The Association of Public & Land-grant Universities (APLU)/Association of American Veterinary Medical Colleges (AAVMC) Task Force on Antibiotic Resistance in Production Agriculture recently unveiled a report that outlines a comprehensive national strategy for diminishing the role antibiotics used in food animal production systems play in the broader antimicrobial resistance (AMR) problem.
The task force, comprised of leaders from U.S. agriculture colleges/land-grant universities and veterinary colleges as well as key representatives from the production animal agriculture community and the pharmaceutical industry, detailed a comprehensive research and educational agenda along with plans on how it intends to implement it.
The report’s agenda was designed to explore and describe the nature and implications of the problem and educate producers, healthcare providers and the public about best practices. It also calls for a series of national summits to elevate the issue of antibiotic resistance to the top of the national agenda.
Formed last fall (Feedstuffs, Nov. 17, 2014), the 14-member task force has been working closely with federal government agencies to develop an action plan that will leverage the collective strengths and expertise of North American universities to address what the Obama Administration has termed a national security priority.
"We know that antibiotic resistance is biologically complex and poorly understood," said Dr. Lonnie King, a former dean of The Ohio State University College of Veterinary Medicine and former senior official with the Centers for Disease Control & Prevention (CDC) who co-chaired the task force with University of Illinois president emeritus Robert Easter. "We also know that the scope and scale of the problem threatens human, animal and environmental health, nationally and globally. The committee has accomplished some important work, but now we need to take action.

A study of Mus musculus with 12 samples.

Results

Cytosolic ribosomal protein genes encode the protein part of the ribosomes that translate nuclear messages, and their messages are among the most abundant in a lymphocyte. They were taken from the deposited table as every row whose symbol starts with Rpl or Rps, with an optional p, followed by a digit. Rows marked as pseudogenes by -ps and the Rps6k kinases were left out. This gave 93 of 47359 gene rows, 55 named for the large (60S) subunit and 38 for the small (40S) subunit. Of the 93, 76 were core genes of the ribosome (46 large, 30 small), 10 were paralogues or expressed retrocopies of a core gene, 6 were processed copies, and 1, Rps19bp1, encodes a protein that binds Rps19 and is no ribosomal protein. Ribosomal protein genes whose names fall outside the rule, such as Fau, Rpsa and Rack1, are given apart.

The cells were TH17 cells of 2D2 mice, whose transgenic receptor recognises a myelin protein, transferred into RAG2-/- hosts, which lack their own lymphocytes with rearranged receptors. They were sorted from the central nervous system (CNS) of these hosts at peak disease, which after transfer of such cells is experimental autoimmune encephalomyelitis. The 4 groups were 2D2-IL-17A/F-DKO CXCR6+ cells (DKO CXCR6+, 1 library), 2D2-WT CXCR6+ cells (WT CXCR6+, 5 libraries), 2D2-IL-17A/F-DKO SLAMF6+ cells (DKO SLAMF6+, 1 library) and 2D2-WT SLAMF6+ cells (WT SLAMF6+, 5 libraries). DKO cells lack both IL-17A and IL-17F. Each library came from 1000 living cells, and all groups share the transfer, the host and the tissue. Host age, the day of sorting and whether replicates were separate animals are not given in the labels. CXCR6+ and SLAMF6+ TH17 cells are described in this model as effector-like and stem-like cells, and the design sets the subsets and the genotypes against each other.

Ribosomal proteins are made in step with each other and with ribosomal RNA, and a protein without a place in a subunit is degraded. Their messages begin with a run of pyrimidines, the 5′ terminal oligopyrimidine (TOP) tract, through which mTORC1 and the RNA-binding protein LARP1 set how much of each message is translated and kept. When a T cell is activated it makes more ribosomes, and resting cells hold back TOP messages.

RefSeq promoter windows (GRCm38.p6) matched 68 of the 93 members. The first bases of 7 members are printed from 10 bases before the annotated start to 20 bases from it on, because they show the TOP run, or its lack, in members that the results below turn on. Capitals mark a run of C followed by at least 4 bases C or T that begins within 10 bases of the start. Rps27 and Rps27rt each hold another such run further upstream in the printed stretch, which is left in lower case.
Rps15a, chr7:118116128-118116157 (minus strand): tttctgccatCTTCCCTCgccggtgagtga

"Solving this problem is going to require focus, resources, collaboration and sustained effort," King said.
The task force report also contains a detailed strategy for implementing their educational, outreach and research program recommendations. A full-time program manager has been hired to provide administrative leadership and management. The APLU and AAVMC will work to identify a national consortium of faculty experts within their member institutions to build out the programs and collaborate with federal agency personnel.
A centralized University Research Organization (URO) is envisioned to serve as a coordinating center for the educational and research programs that need to be created and operated. The URO would engage the full complement of stakeholders in a public/private partnership that would serve as the focal point for a sustained, consolidated research and educational effort.
Though physically housed within a single academic institution, the URO would have a supra-organizational governing body, scientific advisory council and subscription membership available for pharmaceutical companies, commodity organizations and others engaged in the fight against antibiotic resistance.
Pilot projects focused on combating antibiotic resistance will be created at several large universities with substantial human medical, veterinary medical and agricultural centers.